Review: Play or Die

Director: Jaques Klueger
Screenplay: Amiel Bartana and Jaques Klueger
Year: 2019

Synopsis: Lucas and Chloe immerse in a virtual game known as Paranoia that consists of solving puzzles. The game developers decide to make it more interesting and create an experience similar to escape rooms where only a few players are invited. Players soon discover that this game has turned too real and that their lives might be in danger.

"Play or Die" is the newest horror movie to ride the wave of the escape room topic. Although hard to believe, this movie is not inspired in “Escape Room”, released this same year, with whom it shares some similarities. The inspiration for this movie comes from a popular French book known as “Puzzle”, from writer Frank Thilliez adapted for this movie by debuting screenwriters Amiel Bartana and Jaques Klueger, who also directs it.

“Play or Die” follows Lucas, who is contacted by Chloe, and which relationship with her is hard to explain, to be a part of a game that consists in solving puzzles. Lucas has an almost supernatural gift to solve puzzles, which makes him a great candidate to participate and win the promised million euros. The game known as Paranoia takes place in a building that hosted a psychiatric hospital, which would have been the first signal for me to realize something was wrong and get out of there. While they start solving the puzzles inside the rooms of the old hospital, all players start realizing that there is much more to the game than just money and bragging rights. 

This movie has little character development, but this is something done purposely. Lucas and Chloe are the ones that spend the most time on screen and we just get a little background information and we get to know more about them by their actions. The rest of the characters barely have a few minutes on screen and their most interesting moments involve some uncomfortable or painful event where their lives are at risk. The reason for this is that Lueger and Bartana putt all their eggs in the basket of the final revelation, and the poor character development keeps the viewers guessing about all the characters and the final twist comes out as a complete surprise.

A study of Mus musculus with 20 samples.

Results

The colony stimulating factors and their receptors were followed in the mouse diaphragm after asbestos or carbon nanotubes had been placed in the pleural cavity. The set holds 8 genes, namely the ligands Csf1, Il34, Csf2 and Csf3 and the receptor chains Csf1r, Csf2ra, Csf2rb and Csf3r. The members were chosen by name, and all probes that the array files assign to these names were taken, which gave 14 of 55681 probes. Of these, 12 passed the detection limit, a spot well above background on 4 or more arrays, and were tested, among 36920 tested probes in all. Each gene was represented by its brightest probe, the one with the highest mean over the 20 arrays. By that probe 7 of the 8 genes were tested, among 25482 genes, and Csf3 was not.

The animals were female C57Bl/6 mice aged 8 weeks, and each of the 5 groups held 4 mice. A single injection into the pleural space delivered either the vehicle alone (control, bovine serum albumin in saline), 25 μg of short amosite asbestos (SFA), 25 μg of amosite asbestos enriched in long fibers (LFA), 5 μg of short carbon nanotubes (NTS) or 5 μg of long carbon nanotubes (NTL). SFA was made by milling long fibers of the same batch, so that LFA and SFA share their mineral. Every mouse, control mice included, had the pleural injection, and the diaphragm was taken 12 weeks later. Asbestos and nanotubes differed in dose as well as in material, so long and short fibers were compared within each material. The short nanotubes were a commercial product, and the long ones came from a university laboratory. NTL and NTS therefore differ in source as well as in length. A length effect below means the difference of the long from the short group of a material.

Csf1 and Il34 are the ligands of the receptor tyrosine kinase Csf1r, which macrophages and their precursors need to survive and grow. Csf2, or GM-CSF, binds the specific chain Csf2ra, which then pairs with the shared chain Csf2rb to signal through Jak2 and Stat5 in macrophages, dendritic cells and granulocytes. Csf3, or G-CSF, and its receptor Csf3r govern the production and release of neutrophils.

At the same time, this poor character development, particularly for the protagonists, ends up creating two characters which are hard to root for. The other problem is that they try to fit too many puzzles into the movie and Lucas, the main responsible for solving them, does it with agility, which presents him as exaggeratedly smart. This disproportionate intelligence alongside the fast pace of the movie affects creating a sense of danger for each room. The idea behind every puzzle is great and the movie could have benefited if they would have been explored more deeply. Without offending my intelligence, I don't feel capable of solving even the first puzzle presented and I would still be there hoping that my partner in the game would come and save me.

The technical aspect of the movie has a few interesting things. The protagonists Lucas and Chloe are very well interpreted by Charley Palmer Rothwell (“Dunkirk”) and Roxane Mesquida (“A Ma Soeur!”) and they keep the couple chemistry in this strange relationship that also helps to keep you far from being able to predict the final twist in which this movie strongly relies on and with good reason. The visuals have a Giallo film style that seems to pay homage to the iconic Dario Argento using red and blue neon tones contrasted with grays and other sober colors, very well used to create a strong identity. Also, the use of the classical piece “Swan Lake” while inside one of the most aggressive rooms is another example of good use of contrast and creating identity.

“Play or Die” uses an idea the is becoming very popular in the horror genre but does not make the best out of it. It tries to present too many ideas and only leaves the impression that there could have been a lot more done with everyone. Still, it is entertaining, and the ending is unexpected and efficient in managing to astonish the viewer.